Yesterday's post went through the reasons Why Pain Points Are Hurting Your Marketing Webinars. I used up a lot of words telling you why a classic "Pain Point Selling" technique is counterproductive to mass audience lead generation. This left me with the obvious challenge of offering an alternative approach. Is there a way to introduce and explain your offering as a valuable and beneficial solution to real problems? A way that will keep your audience listening?
There is. And it can be encapsulated in two easy words: Think Backwards.
Or in four words: Outcomes first, background later.
Or in the following whole bunch of words:
The way to keep an audience interested is to give them what they want. If they sign up for a webinar promoted as a way to learn about a service or product (or even just a general solution to a problem), they want to hear about the solution. They are a million times more interested in the solution than in the problem. So give them the solution!
This means you have to throw away the typical linear agenda. "First I'm going to give a little background and history of the industry. Then I'm going to talk about recent advances. Then I'm going to focus on some of the problems you face in today's world (ughh… I HATE that cliché phrase!). Then I'm going to introduce our product and tell you how it helps. Then I'll summarize and take questions."
Wow. You have just told the audience that their top priority and interest is number four on your list. (Number five if you count introductions and agenda-reading.) Goodbye or goodnight… I'll try to recapture your interest 20 minutes from now if you're still here.
So get rid of the agenda and the presentation flow it
promises threatens. Instead, start with the outcomes the audience can expect:
What should you expect to get from this webinar?
- A new way to use audience data to improve your viewing share
- An understanding of the software that can gather and interpret that data
- What it takes to implement a competitive programming solution
Your audience is hooked already. You have told them not how you organized your slides, but what value, benefits, and new knowledge they are going to walk away with at the end. They have a reason to stay and pay attention.
Next you introduce your offering with the quickest of references to the benefit statement promised in your promotional materials. Very simple. "You showed up today to find out about a way to improve viewing share. That's what our VwrSoft solution gives you. A new and innovative way to build your broadcast audience."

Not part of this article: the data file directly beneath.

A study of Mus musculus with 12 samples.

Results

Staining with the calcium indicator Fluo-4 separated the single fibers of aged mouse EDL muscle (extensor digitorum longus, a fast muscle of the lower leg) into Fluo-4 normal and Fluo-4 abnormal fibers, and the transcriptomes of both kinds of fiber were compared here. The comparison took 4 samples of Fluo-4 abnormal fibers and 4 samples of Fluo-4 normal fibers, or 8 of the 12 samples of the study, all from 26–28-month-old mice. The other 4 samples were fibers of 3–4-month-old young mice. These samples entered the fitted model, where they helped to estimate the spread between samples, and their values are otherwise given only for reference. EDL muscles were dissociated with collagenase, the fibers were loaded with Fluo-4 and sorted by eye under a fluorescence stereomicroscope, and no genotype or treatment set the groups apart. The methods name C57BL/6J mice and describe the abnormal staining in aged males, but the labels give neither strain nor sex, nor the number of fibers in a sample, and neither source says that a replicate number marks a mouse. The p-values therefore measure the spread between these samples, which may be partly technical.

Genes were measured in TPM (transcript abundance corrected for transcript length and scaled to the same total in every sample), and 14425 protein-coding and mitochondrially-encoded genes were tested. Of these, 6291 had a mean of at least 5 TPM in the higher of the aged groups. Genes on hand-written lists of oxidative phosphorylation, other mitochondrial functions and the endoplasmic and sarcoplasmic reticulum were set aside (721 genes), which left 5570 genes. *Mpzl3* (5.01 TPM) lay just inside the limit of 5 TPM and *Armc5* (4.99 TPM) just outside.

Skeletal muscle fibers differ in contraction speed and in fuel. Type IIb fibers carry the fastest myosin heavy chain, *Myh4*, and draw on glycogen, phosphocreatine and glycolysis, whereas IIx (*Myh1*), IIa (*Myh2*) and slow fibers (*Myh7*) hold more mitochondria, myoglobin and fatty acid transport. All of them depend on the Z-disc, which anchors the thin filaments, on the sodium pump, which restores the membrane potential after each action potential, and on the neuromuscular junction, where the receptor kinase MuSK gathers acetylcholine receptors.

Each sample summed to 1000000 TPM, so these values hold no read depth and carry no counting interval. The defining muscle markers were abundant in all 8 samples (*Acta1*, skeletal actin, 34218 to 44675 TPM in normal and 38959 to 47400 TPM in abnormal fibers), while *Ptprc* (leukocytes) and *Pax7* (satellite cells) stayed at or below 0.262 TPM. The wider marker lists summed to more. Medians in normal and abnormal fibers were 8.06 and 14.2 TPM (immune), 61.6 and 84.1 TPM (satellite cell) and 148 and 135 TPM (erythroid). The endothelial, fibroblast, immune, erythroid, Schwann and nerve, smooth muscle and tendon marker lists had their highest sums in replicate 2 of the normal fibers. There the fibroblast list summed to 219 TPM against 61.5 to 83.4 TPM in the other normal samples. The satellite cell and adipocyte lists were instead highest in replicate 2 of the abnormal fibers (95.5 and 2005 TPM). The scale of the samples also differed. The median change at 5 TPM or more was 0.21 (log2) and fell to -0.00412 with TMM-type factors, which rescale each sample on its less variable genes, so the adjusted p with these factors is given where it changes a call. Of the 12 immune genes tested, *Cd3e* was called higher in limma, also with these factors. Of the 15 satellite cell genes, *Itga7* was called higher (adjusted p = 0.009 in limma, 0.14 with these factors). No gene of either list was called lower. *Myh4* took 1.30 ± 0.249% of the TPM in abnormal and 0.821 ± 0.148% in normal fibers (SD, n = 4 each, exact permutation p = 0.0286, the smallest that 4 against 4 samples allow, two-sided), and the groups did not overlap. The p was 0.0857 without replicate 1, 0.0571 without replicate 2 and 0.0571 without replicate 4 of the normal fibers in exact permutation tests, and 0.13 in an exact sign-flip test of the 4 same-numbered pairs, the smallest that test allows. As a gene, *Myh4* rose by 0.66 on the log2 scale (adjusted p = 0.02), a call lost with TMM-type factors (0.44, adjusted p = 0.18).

Now your audience knows what the solution is. They could be called away to another meeting and still have enough information to do a website search later or ask a sales rep for more info. Don't make your lead-gen webinar a 30-minute teaser leading up to a surprise reveal.
Now you start introducing capabilities that your offering provides. With each capability, Think Backwards. Outcome first, background later. What does your solution do? Why is that important? What problem does it solve? How is it different from other approaches?
Instead of offering all the background material in a big lump at the beginning of your webinar, you space it out… intersperse it with the practical benefits and capabilities your audience is most interested in.
What's great about this is that it lets you trick the audience into associating your solution with their own pain points. Instead of starting by setting up generic needs with generic problems, you introduce a capability. Then you invite your audience to fill in the blanks for you… "What could this solve for you? Do you have a problem capturing viewers from a few major network anchor shows? Or is your problem capturing attention from the mass of channels during more competitive hours? Think how this could help with your number one priority."
They can make the connection in a way they can't do with a traditional "pains then solutions" flow. And you can do it over and over again. With each specific you introduce.
Don't think it works in practice? Watch Steve Jobs introduce the iPhone in 2007. One of the biggest marketing presentations ever. He had a captive audience of rabid fans primed for some big unknown announcement. He had an hour of speaking time on the agenda. He could have led them on with thirty minutes of pain points and setup justifying the iPhone before showing it. He didn't. He told the audience right away what the new offering was and what it did. Even with a little opening fluff, he had the device, its name, and its capabilities introduced at the three-minute mark. You can too.